The leadership education landscape has changed. No longer solely confined to a classroom setting, virtual connections via social media have expanded the reach of educators and students, while changing the ways that educators engage with their learners.
Dr. Bill Withers, professor of communication arts and assistant director of the Institute for Leadership Education at Wartburg College in Waverly, Iowa, describes himself as a “digital immigrant” who has “adapted and acclimated to integrated technologies like social media.”
Withers routinely utilizes Facebook and Twitter to stay connected with students as well as friends, followers and fans with interests in leadership. Each summer, he teaches exclusively via Facebook. Because students are already utilizing social media on a daily basis, their typical responses to Withers’ explanation that the class will take place within its own learning group on Facebook are, “Okay, cool.”
“Social media is the ‘water cooler’ or ‘campfire’ of the 21st century,” Withers observes. “If you’re not using it, you’re not involved in the rich conversations that occur in such environments. I am routinely posting thoughts, ideas, and responses – and students contribute accordingly. We then bridge those posts to even deeper exploration as part of our in-class discussions.”
Jason Falls, author, speaker, consultant and CEO of Social Media Explorer, agrees with Withers’ approach. According to Falls, educators who incorporate social media in the classroom have the ability to “communicate with students on the popular communication platforms they’re using outside the classroom. They can share lesson plans, extra learning resources, and other ideas through outlets where students are already spending much of their free time. Educators can effectively teach technology and social networking skills students will desperately need when entering the workforce. Teachers can share instructions, links to online resources and answer class questions on Twitter. They can create Facebook groups around classes, subject matters or even events that allow students to better connect with each other and share ideas to enhance everyone’s experience and learning.”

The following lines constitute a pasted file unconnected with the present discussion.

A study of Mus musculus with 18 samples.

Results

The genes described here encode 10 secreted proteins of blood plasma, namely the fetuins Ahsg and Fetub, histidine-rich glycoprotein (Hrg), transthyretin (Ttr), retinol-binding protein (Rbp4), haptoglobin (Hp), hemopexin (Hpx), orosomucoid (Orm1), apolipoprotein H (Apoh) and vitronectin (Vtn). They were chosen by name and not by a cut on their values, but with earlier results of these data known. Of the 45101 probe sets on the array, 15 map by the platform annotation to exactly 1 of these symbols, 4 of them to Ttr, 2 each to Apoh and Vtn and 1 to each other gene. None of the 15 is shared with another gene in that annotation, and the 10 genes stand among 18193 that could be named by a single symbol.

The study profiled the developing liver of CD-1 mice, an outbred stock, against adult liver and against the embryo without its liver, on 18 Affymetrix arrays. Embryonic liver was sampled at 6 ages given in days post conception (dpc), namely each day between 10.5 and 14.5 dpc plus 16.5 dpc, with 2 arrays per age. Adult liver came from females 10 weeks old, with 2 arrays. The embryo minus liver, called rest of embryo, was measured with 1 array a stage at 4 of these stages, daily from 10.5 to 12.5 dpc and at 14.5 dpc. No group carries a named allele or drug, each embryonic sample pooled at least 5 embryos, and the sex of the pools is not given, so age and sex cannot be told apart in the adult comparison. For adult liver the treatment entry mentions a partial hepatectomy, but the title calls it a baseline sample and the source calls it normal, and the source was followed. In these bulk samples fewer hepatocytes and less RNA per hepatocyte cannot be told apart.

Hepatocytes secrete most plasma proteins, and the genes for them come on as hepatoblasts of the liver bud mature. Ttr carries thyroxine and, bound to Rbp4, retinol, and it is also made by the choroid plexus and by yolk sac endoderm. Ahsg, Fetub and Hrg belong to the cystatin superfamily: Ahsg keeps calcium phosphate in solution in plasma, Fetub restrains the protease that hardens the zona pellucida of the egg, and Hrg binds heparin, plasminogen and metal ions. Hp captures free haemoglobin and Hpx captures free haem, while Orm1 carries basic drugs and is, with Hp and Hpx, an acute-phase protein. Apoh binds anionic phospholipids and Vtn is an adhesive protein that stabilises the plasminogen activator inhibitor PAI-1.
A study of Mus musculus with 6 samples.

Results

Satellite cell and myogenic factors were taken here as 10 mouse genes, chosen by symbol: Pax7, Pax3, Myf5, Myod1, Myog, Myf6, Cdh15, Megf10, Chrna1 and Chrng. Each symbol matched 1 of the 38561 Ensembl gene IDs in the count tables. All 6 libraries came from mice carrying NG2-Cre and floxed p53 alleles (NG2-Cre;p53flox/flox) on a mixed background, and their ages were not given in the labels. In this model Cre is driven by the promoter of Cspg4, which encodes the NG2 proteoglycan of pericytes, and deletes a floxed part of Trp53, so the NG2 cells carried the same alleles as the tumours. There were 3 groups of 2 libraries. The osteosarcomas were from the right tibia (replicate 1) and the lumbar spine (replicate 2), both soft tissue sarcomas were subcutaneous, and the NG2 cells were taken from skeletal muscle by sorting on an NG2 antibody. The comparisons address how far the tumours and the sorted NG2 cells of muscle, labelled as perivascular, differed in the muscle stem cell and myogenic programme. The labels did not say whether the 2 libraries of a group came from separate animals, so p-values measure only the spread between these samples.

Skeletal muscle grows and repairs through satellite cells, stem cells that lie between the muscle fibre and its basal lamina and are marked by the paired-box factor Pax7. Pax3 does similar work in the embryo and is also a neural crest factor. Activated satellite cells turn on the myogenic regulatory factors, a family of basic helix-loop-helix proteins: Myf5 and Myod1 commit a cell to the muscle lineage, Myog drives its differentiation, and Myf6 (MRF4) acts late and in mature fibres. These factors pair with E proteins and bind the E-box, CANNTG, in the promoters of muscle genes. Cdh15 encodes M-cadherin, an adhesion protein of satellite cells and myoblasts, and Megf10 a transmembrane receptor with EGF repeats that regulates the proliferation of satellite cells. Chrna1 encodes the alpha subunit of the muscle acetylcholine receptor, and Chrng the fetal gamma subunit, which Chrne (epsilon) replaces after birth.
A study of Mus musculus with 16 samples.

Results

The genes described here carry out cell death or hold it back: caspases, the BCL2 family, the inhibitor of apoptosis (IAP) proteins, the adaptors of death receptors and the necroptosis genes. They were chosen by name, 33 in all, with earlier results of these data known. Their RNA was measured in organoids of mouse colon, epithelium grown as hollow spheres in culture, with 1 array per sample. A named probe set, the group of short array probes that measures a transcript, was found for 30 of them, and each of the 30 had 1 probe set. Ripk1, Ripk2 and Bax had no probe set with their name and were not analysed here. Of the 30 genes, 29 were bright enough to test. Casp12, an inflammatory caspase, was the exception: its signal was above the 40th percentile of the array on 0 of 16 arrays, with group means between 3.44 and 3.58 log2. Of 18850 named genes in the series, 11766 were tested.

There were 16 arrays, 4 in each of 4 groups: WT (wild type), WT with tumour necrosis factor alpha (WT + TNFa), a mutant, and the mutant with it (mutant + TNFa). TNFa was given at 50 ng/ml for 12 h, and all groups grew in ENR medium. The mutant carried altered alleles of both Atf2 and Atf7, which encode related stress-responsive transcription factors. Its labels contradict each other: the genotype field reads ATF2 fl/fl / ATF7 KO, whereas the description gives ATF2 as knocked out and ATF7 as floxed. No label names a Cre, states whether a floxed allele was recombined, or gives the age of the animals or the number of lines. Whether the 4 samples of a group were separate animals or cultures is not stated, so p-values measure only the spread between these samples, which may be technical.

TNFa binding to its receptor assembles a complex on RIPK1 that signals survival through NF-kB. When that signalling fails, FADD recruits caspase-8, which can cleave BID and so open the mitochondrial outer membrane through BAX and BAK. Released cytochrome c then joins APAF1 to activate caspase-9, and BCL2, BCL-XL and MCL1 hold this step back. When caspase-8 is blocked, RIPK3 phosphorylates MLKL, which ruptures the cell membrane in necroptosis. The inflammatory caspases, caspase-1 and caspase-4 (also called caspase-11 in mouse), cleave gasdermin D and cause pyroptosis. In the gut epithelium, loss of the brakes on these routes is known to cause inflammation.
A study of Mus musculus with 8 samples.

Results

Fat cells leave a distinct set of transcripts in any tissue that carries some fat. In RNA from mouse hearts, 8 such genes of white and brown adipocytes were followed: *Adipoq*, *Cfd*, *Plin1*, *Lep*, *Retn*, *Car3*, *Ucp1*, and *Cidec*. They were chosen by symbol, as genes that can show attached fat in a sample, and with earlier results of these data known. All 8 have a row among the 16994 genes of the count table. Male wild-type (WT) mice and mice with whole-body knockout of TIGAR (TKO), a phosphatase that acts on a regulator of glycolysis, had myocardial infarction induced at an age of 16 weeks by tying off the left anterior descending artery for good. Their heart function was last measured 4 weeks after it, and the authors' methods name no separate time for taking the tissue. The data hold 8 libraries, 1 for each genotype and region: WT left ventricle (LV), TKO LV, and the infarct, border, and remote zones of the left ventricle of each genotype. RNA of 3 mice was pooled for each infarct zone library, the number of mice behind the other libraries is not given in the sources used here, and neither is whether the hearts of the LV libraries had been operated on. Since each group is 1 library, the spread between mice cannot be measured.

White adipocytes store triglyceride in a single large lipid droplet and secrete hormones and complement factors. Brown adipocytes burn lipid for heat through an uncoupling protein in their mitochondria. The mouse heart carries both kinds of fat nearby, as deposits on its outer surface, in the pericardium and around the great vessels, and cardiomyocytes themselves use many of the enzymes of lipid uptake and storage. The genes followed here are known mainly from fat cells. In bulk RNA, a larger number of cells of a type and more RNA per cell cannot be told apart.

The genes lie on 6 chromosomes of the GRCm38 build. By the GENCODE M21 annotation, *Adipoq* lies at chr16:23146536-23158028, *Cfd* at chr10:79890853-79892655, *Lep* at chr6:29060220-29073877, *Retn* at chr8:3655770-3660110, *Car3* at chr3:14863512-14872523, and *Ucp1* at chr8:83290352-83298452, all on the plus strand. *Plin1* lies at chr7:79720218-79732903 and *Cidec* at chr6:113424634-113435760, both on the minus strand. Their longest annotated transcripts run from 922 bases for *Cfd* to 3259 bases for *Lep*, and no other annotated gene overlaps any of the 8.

Withers believes that educators who don’t take advantage of social media are missing out on enriching connections and conversations. Traditional “chalk and talk” teaching methods are no longer effective for educators who seek to engage students beyond classroom walls. Leadership lessons aren’t contained to 60-minute lectures three times a week, and the relationships between educators and learners that are strengthened through social media extend learning beyond the semester.
Withers is a strong advocate for going where students are, rather than waiting for them to come to you. “You must meet students where they’re at. Today, and for much of their existence, students have the opportunity to learn, share and grow virtually even when the official class ends.”
For more information about Dr. Bill Withers' work at the Institute for Leadership Education at Wartburg College in Waverly, Iowa, he can be reached at William.firstname.lastname@example.org. You can find Dr. Withers online and linked to social media at: http://www.wartburg.edu/ca/withers.html.
Angie Chaplin, M.A., C.P.B.A., is a Certified Master of The Leadership Challenge® Workshop and Principal of Angie Chaplin Leadership Partners LLC, based in Waverly, Iowa. In addition to consulting and facilitating The Leadership Challenge and The Student Leadership Challenge workshops, she also teaches courses at the undergraduate and graduate level on leadership and strategic communication. She can be reached at email@example.com.